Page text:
Two-time Boston Marathon champion and race director, Moses Tanui, affirmed that the athletes would still receive their rightful dues after the results are analysed to conclusion.
“We were cautious to avoid rewarding drug cheats. That is why we followed the right procedure. Athletes can now be paid their hard-earned money,” he stated.
He affirmed that 12 of the athletes were tested at a cost of Ksh500,000 whereby the organizers settled the bill while the Anti Doping Agency of Kenya (ADAK) carried out the testing process.
Mercy Kipchumba and Victor Kipchirchir had won the women’s and men’s titles respectively at the event.
Tanui affirmed that they would be paid Ksh3.5 million each as the prize money. Further, the top 20 athletes would also be feted.
During the race, Kipchumba emerged victorious, clocking in at 2 hours, 28 minutes and 7 seconds, defeating her training partner Judith Korir in the process.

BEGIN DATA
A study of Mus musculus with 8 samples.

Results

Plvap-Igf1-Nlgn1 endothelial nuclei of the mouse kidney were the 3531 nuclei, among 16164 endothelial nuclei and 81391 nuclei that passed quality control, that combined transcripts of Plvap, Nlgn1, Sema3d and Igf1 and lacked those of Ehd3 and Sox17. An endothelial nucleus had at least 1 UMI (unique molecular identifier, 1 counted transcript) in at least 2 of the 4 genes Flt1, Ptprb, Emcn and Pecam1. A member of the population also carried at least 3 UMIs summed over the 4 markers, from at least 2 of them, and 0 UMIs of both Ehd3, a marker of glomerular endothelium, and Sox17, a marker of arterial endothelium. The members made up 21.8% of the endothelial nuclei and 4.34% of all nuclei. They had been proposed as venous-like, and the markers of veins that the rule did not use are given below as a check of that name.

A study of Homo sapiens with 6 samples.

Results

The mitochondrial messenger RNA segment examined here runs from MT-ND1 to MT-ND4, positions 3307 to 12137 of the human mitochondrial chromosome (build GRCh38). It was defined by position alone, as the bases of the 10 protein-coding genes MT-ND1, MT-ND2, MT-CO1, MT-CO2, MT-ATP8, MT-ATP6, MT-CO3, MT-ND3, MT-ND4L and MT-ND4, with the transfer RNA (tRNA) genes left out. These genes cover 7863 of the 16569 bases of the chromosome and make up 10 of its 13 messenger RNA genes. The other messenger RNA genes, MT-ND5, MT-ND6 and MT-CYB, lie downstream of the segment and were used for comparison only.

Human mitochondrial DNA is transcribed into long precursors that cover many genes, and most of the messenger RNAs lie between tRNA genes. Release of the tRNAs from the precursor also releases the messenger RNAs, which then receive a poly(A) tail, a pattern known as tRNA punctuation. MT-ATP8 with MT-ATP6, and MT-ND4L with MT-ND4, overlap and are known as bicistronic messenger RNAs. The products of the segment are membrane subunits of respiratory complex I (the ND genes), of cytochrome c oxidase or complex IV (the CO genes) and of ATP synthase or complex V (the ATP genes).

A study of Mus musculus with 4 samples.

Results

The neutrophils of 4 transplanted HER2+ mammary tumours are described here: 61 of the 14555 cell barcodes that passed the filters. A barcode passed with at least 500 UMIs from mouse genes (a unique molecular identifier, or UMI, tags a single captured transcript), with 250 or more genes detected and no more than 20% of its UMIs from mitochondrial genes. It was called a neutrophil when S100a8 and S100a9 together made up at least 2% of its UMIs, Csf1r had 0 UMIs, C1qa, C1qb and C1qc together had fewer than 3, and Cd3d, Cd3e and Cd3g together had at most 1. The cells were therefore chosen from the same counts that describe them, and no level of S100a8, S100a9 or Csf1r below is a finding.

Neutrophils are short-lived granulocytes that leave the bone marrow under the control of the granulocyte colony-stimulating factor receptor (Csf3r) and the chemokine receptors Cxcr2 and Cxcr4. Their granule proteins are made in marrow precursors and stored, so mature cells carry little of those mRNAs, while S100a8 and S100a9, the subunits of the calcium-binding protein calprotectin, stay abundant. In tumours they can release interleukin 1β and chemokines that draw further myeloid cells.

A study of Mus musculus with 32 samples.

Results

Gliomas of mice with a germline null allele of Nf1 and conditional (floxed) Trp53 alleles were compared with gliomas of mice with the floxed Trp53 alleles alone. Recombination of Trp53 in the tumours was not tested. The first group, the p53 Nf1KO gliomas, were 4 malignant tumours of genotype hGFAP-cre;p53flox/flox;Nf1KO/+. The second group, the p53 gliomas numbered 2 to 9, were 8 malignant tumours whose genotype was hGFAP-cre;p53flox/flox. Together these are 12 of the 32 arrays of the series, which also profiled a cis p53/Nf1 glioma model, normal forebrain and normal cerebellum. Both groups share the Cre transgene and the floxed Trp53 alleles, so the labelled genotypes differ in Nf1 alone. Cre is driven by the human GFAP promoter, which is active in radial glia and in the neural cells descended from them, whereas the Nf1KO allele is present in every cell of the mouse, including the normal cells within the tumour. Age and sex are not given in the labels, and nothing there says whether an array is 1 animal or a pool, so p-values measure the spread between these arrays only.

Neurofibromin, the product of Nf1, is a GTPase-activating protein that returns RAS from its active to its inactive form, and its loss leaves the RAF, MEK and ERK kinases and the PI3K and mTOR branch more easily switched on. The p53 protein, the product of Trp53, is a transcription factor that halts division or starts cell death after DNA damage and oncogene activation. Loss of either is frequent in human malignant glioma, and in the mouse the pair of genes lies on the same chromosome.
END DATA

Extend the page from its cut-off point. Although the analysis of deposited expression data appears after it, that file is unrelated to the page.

On the other hand, Kipchirchir clocked in at 2 hours 8 minutes and 54 seconds, setting a new course record. The famed athlete is synonymous with the 2016 Valencia Marathon victory.
Athletics Kenya has been strict in its policies regarding the anti-doping regulations that have seen many athletes fall victim.
Ferdinand Omanyala, dubbed the fastest man in Africa, earlier in his career, was also flagged for testing positive for doping. The incident cost him a chance to represent the country at international events as he was banned for 14 months.
AK’s Senior Vice President, Paul Mutwii, however, intervened in Omanyala’s situation and noted that athletes coming from doping bans would still be allowed to participate in local events.